The much talk about and profitable trading in cryptocurrencies has met dead end as Reserve Bank of Zimbabwe stopped local banks from trading or processing their payments.
The apex bank Governor, Mr. John Mangudya, said on Monday in Harare that the central bank had not licensed anyone to trade in cryptocurrencies and that dealers and investors did not have the protection of the law.
Cryptocurrency such as bitcoins is a digital or virtual currency in which coded techniques are used to regulate the generation of units of currency and verify the transfer of funds.
It operates independently of a country’s central bank.
Mangudya said that the Reserve Bank had directed all banking institutions not to provide banking services to facilitate any person or entity in dealing with or settling virtual (crypto) currencies.
“The nature of cryptocurrency transactions makes them the currency of choice for money launderers and other criminals,” Mangudya said in a statement.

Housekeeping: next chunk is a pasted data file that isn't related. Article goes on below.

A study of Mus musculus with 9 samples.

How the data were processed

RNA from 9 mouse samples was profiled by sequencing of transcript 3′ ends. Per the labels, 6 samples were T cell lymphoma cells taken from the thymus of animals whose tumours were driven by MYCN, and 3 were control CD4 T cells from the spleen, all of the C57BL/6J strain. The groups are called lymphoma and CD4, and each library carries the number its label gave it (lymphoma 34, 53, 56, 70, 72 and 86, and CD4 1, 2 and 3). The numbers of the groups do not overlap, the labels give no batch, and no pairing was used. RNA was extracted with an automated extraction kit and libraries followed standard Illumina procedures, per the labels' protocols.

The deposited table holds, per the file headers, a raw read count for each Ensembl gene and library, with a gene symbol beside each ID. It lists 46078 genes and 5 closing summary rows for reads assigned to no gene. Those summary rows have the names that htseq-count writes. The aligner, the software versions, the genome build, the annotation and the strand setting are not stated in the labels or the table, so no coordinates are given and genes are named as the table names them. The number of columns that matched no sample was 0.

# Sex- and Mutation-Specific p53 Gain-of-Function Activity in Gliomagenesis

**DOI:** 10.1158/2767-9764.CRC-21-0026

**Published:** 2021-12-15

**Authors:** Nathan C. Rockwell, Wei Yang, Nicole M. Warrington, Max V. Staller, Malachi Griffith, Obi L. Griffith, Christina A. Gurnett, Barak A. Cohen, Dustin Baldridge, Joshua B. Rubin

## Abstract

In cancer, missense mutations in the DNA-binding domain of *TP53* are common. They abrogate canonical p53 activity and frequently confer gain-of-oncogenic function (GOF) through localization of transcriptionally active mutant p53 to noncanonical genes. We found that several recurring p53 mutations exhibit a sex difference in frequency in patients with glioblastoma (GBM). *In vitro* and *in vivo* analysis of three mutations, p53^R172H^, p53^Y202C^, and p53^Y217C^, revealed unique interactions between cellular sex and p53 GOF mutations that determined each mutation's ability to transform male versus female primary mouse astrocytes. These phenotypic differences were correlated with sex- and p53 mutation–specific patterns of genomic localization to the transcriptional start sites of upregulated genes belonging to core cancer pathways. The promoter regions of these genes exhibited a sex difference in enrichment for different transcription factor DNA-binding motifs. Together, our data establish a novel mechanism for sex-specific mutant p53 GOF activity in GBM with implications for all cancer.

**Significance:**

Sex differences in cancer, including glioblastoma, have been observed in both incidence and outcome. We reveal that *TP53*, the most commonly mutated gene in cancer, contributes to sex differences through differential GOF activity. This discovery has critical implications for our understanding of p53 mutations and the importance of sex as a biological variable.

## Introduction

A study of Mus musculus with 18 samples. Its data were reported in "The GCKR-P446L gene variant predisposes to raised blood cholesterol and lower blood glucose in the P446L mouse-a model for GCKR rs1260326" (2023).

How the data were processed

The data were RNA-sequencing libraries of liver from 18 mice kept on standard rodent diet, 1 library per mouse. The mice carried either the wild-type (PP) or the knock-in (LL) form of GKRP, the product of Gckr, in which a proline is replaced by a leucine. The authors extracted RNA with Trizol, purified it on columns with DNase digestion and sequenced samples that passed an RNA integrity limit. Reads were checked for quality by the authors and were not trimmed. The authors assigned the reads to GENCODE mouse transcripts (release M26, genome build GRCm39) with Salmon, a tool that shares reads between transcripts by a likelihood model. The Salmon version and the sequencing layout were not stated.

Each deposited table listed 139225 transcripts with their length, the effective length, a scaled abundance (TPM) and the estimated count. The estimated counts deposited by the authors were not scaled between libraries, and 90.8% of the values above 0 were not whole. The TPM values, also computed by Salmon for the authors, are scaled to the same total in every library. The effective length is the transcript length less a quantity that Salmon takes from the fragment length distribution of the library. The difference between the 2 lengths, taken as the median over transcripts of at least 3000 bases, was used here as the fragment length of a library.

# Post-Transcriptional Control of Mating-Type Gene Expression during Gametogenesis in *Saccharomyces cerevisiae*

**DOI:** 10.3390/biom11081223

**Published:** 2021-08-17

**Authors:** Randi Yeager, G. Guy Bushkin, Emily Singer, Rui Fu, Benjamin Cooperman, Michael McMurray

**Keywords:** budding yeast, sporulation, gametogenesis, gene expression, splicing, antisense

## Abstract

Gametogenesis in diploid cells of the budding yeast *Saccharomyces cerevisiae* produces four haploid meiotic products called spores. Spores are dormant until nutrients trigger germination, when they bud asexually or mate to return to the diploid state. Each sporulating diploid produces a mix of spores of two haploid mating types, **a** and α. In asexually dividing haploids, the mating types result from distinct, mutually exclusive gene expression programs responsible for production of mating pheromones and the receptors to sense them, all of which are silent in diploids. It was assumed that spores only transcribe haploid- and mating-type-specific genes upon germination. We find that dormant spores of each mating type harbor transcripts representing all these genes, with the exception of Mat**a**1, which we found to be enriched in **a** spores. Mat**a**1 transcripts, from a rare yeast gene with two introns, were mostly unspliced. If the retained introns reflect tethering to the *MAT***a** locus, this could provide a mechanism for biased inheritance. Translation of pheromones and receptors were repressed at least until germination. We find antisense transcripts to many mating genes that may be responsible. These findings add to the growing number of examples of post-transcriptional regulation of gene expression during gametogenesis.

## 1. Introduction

Prices of digital currencies such as bitcoin rocketed at the end of last year as retail investors across the globe scrambled to get a piece of the profits.
That trend triggered regulatory warnings and threats to crack down on the market.
Officials from Golix and Styx24.com, Zimbabwe’s trading platform could not immediately comment on the central bank decision.
An industry insider who follows the cryptocurrencies in Zimbabwe said the ban would affect settlements between exchanges but sales between individuals would not be impacted.
“We can sit over a cup of coffee and transfer cryptos among ourselves. The entire logic of crypto is peer to peer transaction without trusted third parties,” said the insider, who declined to be named because he is not authorized to speak to the press.
In the southern African nation, those who trade in bitcoin say it offers rare protection as their bank deposits lose value almost by the day while others use it to fund family members studying abroad or purchase goods online.